Tips for being a chairing a virtual conference
Who would have thought two years ago that conferences would have moved online? Not me, that’s for sure. And I think a virtual conference is quite different to meeting IRL as an experience. I miss meeting people in the flesh. But hey, its better than the alternative. And it does have plus sides too. It is a way to get over geographical challenges and inequalities within attendees. It is also easier to attract speakers outside the normal geography, who no longer have to commute.
I had my first virtual conference chair gig last week. It was day two of Community Housing Conference (CHC) Finance conference. I thought it might be useful to share a few tips on what I learned…
Tip one — do the preparation
I was very lucky that CHC are experienced and very competent conference holders. True to form, an enormous amount of preparation had been done by them before I even lifted a finger. But it definitely was worth going some of my own prep and reading beforehand. Firstly it helps build confidence. Y ou are better placed to think of questions and interesting topics to explore should the audience go quiet. It also means you have less to grapple with when you go live. I have noticed that virtual working does require more preparation and planning. Virtual meetings tolerate less spontaneity, I have found. Conferences are no different.
Tip two — get familiar with the technology
Sounds obvious — but I still had a slight panic when I couldn’t get into the “backstage” section first time! I’m glad we had allowed a few extra minutes for issues like this. If you are chairing its worth acquainting yourselves with the extra functions backstage. You don’t want to be teaching yourself that in public. And you may be using a new platform entirely. Remember the first time you had to navigate Microsoft teams? … Exactly. The “walkthrough session” beforehand was definitely worth it.
Tip three — manage your attention
I found it helpful to take quite detailed notes as the speakers were sharing their stories. It helped me focus 100% on them — which is somehow harder in the virtual format. It also made asking questions easier and homing in on common and interesting themes. I knew I was going to be giving a conference summary at the end and it helped prepare for that too. Themes around wellbeing and resilience kept coming up. The notes helped me weave that into the narrative.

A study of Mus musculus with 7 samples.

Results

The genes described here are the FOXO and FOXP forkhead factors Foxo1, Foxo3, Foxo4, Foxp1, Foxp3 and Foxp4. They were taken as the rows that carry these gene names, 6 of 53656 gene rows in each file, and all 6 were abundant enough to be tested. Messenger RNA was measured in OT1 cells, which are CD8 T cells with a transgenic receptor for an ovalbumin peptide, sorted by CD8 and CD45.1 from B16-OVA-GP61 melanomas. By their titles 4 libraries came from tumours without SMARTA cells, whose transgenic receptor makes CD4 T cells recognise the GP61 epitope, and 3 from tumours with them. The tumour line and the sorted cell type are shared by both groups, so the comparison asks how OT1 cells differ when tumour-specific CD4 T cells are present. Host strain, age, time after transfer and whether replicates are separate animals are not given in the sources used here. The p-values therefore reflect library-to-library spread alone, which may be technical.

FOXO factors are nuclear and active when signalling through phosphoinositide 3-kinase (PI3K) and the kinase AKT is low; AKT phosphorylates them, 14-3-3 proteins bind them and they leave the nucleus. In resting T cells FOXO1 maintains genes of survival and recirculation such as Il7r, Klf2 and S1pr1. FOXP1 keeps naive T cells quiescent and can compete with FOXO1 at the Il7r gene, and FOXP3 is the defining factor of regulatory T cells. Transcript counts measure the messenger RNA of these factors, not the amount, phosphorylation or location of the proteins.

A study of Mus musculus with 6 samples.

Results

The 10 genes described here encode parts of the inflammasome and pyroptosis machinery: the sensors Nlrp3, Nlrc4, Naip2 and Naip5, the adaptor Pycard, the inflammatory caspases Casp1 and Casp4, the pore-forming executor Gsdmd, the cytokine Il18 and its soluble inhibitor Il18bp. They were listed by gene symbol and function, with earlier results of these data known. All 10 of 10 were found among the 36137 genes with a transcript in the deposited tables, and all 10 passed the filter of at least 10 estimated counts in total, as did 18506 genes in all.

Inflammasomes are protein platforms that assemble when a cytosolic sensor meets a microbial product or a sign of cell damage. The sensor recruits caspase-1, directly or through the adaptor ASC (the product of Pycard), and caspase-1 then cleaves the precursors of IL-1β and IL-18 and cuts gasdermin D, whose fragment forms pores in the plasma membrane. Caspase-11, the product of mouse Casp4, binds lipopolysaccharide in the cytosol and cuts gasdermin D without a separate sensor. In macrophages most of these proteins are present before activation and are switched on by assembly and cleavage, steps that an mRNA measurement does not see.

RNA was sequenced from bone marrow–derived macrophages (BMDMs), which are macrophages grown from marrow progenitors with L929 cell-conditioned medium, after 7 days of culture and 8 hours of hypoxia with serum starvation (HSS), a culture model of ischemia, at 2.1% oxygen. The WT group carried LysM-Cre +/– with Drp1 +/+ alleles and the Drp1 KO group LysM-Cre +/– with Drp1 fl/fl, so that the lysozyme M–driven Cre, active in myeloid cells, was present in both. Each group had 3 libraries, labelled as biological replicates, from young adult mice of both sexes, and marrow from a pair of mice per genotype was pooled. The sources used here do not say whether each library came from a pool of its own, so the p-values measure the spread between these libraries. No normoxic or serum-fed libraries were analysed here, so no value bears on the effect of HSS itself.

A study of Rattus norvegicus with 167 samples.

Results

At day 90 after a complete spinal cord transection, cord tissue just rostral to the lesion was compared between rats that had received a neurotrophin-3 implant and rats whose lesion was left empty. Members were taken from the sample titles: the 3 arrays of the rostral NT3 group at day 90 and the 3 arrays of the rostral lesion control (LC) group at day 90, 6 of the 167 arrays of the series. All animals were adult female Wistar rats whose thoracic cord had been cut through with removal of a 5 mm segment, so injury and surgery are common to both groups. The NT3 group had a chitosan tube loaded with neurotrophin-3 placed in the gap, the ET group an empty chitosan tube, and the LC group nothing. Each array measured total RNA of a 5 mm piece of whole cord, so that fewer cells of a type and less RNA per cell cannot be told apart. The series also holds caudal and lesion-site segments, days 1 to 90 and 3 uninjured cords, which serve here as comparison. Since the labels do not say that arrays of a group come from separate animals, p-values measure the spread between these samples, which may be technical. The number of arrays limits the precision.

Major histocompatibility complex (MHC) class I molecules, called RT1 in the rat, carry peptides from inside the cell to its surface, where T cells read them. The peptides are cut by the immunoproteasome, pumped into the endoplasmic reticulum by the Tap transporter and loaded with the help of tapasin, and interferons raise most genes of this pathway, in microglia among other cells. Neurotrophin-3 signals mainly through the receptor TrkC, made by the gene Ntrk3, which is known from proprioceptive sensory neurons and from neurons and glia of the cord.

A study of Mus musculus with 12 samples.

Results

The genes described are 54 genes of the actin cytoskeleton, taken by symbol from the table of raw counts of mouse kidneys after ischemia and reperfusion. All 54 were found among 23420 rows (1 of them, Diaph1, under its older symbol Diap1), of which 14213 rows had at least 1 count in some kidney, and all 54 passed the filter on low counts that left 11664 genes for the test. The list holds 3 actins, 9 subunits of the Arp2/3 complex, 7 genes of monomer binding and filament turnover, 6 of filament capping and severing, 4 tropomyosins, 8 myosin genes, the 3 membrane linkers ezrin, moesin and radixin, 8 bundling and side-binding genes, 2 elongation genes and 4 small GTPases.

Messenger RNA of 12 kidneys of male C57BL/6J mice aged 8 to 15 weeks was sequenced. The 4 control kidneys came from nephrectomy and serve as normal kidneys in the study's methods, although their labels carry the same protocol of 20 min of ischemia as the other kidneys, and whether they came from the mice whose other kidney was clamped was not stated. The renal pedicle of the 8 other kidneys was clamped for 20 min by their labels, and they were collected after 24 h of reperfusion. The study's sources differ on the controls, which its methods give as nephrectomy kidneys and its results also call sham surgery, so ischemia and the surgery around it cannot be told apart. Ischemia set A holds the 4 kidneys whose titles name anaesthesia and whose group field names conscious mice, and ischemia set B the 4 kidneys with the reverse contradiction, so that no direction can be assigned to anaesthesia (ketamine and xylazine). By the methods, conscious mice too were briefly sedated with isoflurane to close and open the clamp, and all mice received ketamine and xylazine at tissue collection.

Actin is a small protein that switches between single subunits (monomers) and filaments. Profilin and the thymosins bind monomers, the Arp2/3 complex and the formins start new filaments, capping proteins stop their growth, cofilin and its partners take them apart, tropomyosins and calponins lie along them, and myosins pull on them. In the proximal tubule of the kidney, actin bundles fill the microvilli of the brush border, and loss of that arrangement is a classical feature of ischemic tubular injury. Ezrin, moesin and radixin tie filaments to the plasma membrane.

I switched off emails and notifications on my laptop. I knew I needed to stop my attention from becoming too diffused. I kept my phone on for emergency contacts and family stuff. We split up managing the chatbox and chairing the meeting. I recommend this in Board meetings and elsewhere -it is too much to manage otherwise.
Tip four- prepare for audiences to behave differently
I think audiences are more passive online compared to IRL. There are of course a number of reasons for this. The stresses of working whilst homeschooling, or with care responsibilities, are well known. Both certainly make it harder to give the presenters your undivided attention! The experience can feel more like watching TV than participating in a meeting, so it lends a different mood. Attendees may bemultitasking with email. Or keeping half an eye on their other communication channels, feeling the pressure to be available. And IRL there is the strong social pressure to be seen to be paying attention, which is, of course, absent online.
So, it is worth thinking about having some backup questions in case the audience is quiet. And being mindful of the energy levels . As Chair you need to be at least as lively and energetic as you would in IRL, maybe more so. And using back up social media — tweeting about it as you go. I think CHC’s chat groups and polls helped to draw people in. Splitting up into smaller workshops worked well. It generated interest and lively comment and lots of questions too.
I hope you found this useful — if you are tempted to have a go, please do! Always good to learn new things. And one final piece of good news. It is more intimate as an experience speaking into a small screen. Although I knew plenty of people were there, at times it felt like a conversation with a small group. As such, it is less intimidating than speaking to a packed auditorium. So, not a bad place to get started I think. Let me know how you get on!